Max Gladwell


November 9th, 2010 by Max Gladwell · 3 Comments

Facebook expands its Places product by opening its API and adding a Deals feature. What does this mean for LBS?

Originally posted on the MomentFeed Location Blog.

Facebook debuted Places back in August. This added the social gesture of “checking in” to its iPhone and mobile Web apps. It was huge news for LBS, but it was mere foreshadowing to last week’s announcement. What started as a product feature has now become the Facebook Places platform. By extension, Facebook is now the de facto platform for LBS.

The impact of this on the nacent LBS space cannot be overstated. The question is whether it will be positive or negative and for whom. In the following, we highlight the three major announcements—Single sign-on, Open API, and Deals—and what they mean for the LBS ecosystem.

1. Facebook announced a single sign-on for mobile apps. Much like its Web counterpart, being logged-in to the Facebook iPhone app means you can be logged in on any app that uses this new authentication standard. This is huge for mobile in general and for LBS in particular. Consumers can now take their Facebook social graph into any LBS application. Which means that if you’re logged-in to Facebook and open Loopt, MyTown, Gowalla, SCVNGR, Whrrl, Foursquare, and others, you’d already be logged-in on those (assuming each enables it). This lowers the barrier for trying these apps and, therefore, opens them to many more users.

Key takeaway: This creates tremendous opportunities to develop a broad range of applications with a geo-social element.

2. Facebook announced that its Places API (read, write, and search) was being opened to all developers. MomentFeed has been in discussions with Facebook on this for a while, as it enables the company to integrate Facebook Places data into its LEA solution. It also enables any app to push checkins to Facebook and to pull one’s checkin information from Facebook. Now that Facebook is the LBS platform, developers can focus on adding value on top of that using the API.

Key takeaway: Facebook may be the largest LBS platform, but it won’t be the only one (especially if Google and Twitter have their say). Other companies should model their APIs accordingly and compete on features.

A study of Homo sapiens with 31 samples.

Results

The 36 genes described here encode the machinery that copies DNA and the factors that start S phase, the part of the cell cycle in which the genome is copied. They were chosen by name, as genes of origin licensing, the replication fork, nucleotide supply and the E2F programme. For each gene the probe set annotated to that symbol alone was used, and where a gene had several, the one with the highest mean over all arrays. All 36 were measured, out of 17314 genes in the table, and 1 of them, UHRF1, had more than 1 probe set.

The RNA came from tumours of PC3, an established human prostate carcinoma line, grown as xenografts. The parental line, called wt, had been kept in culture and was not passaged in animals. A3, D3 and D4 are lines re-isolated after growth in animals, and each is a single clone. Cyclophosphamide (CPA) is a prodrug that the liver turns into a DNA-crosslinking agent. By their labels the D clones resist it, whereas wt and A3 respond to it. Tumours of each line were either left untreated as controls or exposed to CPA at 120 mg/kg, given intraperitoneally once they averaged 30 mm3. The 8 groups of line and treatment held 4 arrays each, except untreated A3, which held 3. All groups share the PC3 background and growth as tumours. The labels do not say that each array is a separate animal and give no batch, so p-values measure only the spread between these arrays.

3. Facebook dropped the Deals bomb, complete with brand partners including Gap, REI, The North Face, H&M, JCPenny, McDonald’s, Starbucks, and 24 Hour Fitness. This self-service feature enables businesses to offer a range of incentives for checking in. All of a sudden, marketers have a clear reason to use Facebook Places and consumers have a reason to check-in. What’s more, it is free for businesses, so they have nothing to lose in trying it. This will have the greatest impact on the LBS space in general. As MomentFeed detailed in its whitepaper, LBS adoption is equal parts hardware, software, and behavior. Deals is all about the latter. All of a sudden, hundreds of thousands of businesses and hundreds of millions of consumers have a reason to care about LBS.

Key takeaway: While Deals can serve the basic needs of marketers, the LBS space is so vast that there is plenty of room to innovate, differentiate, and add value. Facebook will introduce consumers and marketers to LBS in large numbers, but that’s pretty much where it ends. Established LBS companies have a significant head start in developing beyond-the-checkin products and experiences. At the same time, Facebook has leveled the playing field for new entrants. It’s now quite simple to launch a location-aware application with a checkin feature. And there is no shortage of niche markets in LBS. All of which means that Facebook will further fragment an already fragmented marketplace.

Final note: The one feature Facebook Places does not currently offer is the “Solo Checkin,” whereby you can checkin without broadcasting it to your friends in any way. This would pave the way for mainstream adoption, as many are still wary of the privacy issues. It’s unclear whether Facebook would deem this anti-social and, therefore, anathema to using Facebook. It could also undermine the value for marketers, as the word-of-mouth advertising via one’s social graph is a primary motivator for offering deals. Still, several of the LBS leaders offer some version of this feature, which could be a small way to differentiate.